Capgemini and MIT recently recorded in a survey of more than 1,300 executives in over 750 global organizations, that 78% of nearly 4,000 CIOs worldwide say their digital strategy is moderately effective or worse, suggesting such efforts remain in their infancy. Moreover, only 32 percent of those IT leaders say their digital strategy spans the enterprise, with most of the investment focused on the front-end, rather than on deeper operational capabilities.
“While we see progress on customer experience, organizations have not kept pace on building the necessary capabilities in operations, IT-business relationships, vision, engagement, and governance,” added the July 3 report. Today, many organizations face the realities of the complexities of their digital journeys and realize just how challenging successfully transforming can be.
Digital transformation involves much more than just technology. Success with it is as much about a culture shift as anything else. With this in mind, and with CIOs frequently being measured on their success with the digital transformation agenda, building a new culture is quickly becoming an important part of the CIO role.
This means CIOs need to go beyond setting the technical agenda, and set the tone for the shift – by educating professionals, modeling a new approach to leadership, as well as embracing disruptive and innovative ways of thinking. By promoting a culture where change is the only constant, and experimentation is encouraged, businesses are able to harness the latest technology and deliver additional value and experiences to the customer.
Unravel Technical Debt
Accenture recently documented from a survey that 70% of 1,000 C-level executives say technical debt is significantly inhibiting their ability to innovate from a technology standpoint, while 72% blame technical debt for difficulties in assimilating new technologies.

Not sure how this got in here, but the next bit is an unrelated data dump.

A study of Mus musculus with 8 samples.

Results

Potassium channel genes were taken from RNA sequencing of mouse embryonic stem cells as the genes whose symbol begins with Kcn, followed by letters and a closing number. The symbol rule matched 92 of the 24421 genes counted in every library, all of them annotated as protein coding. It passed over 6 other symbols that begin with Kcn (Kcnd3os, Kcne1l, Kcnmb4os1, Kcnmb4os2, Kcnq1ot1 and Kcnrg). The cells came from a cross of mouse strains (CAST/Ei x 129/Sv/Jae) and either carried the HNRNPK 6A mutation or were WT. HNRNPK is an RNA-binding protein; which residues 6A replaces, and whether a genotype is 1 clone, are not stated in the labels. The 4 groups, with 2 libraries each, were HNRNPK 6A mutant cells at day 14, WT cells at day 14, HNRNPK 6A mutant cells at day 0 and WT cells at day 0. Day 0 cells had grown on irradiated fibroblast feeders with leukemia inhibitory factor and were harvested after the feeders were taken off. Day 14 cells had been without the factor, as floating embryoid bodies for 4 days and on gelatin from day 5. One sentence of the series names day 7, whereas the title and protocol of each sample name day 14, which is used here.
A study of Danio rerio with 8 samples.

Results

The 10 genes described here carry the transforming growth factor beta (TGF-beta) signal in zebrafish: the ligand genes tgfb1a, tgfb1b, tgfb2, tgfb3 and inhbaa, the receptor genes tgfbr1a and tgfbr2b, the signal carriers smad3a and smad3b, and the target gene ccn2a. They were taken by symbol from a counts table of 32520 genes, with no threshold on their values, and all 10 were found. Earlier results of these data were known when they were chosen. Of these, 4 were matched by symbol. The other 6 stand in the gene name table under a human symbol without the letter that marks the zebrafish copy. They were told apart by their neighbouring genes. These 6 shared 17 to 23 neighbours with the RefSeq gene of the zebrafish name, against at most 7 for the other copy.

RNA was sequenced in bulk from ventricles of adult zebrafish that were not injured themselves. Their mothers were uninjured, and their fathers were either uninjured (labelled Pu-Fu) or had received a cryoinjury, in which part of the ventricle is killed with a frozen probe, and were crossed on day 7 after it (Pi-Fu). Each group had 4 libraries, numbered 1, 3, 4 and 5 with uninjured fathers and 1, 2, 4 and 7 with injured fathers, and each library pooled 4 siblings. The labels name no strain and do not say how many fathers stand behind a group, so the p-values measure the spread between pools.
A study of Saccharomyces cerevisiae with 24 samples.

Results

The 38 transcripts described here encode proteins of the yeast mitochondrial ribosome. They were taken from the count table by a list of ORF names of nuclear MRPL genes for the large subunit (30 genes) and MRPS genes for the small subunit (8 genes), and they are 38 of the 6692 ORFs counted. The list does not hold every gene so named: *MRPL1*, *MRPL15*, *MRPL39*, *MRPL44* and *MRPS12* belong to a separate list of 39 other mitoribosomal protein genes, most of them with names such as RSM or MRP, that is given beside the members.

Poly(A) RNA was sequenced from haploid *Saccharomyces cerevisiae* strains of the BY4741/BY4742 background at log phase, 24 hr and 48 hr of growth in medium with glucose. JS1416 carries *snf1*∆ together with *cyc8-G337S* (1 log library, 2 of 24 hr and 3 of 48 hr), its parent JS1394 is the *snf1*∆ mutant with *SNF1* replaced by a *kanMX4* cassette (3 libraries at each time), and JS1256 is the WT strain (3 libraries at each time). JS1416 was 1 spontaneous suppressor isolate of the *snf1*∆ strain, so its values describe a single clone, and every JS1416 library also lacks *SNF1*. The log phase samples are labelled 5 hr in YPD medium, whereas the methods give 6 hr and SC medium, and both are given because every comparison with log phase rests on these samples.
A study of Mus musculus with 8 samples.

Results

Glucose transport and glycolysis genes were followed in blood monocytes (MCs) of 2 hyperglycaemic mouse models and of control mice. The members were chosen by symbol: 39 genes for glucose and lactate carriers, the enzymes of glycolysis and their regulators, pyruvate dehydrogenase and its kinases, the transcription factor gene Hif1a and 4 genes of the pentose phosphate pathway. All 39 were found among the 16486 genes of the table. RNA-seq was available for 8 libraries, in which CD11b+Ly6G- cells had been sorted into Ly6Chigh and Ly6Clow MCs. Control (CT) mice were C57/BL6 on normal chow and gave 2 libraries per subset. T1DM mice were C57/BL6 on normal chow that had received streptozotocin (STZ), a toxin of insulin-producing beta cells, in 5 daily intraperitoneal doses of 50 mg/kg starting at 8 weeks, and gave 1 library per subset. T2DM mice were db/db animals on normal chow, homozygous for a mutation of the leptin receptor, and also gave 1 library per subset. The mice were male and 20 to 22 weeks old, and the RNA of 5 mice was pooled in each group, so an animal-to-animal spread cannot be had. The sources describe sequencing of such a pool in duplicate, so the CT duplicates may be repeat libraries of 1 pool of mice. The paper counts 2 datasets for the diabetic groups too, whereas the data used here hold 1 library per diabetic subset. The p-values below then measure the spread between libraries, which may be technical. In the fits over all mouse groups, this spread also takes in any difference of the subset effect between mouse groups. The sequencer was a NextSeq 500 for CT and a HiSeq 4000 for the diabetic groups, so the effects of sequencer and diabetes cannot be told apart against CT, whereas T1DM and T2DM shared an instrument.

Similarly, a survey by IDG and Insight Enterprises finds 64% of executives cite legacy infrastructure and processes as a barrier to IT and digital transformation, along with data security, technology silos, budget and competing priorities. As a result, 51% at enterprises undertaking IT transformation initiatives have “stalled or abandoned select projects” while grappling with IT modernization and process issues. Unfortunately, it takes time to unravel technical debt.
The Accenture survey further elaborates on the steps; Decouple data from legacy systems, Decouple data from legacy systems, Decouple the business process systems from one another, Decouple IT talent and budgets from traditional silos.
There may be nothing new or revolutionary about the above approaches but they still resonate, and are needed more than ever, at a time in which organizations base their success on their ability to capitalize on information technology.
New working environment
Studies show that today’s high-performing operating environments are purpose-driven and team-based, with shallower hierarchies. They enable workforce mobility and deliver a consumer-grade technology experience to internal workers, aligning modern performance and rewards practices to the right behaviors.
Developing the right environment drives engagement, productivity, and learning. Digital-ready leaders are more likely to respond that they are “definitely engaged” at work. They’re also more likely to see their organization as embracing or even rewarding failure in pursuit of innovation. Twice as many digital-ready leaders feel a sense of accountability for effectively leading their people.
Reset Employee Talents
Building digital organizations requires a reset of talent and leadership infrastructures. Employees’ functions must transform to become nimbler, data-driven, tech-savvy, and tied to the evolving business needs. Digitally challenged employees cannot take point on modernizing an enterprise’s operations.
During the CIO100 symposium and Awards at Enashipai Resort, slated on 29th and 30th November 2018, experts will unravel the wraps behind digital transformation and what is in it for enterprises. Join this discussion.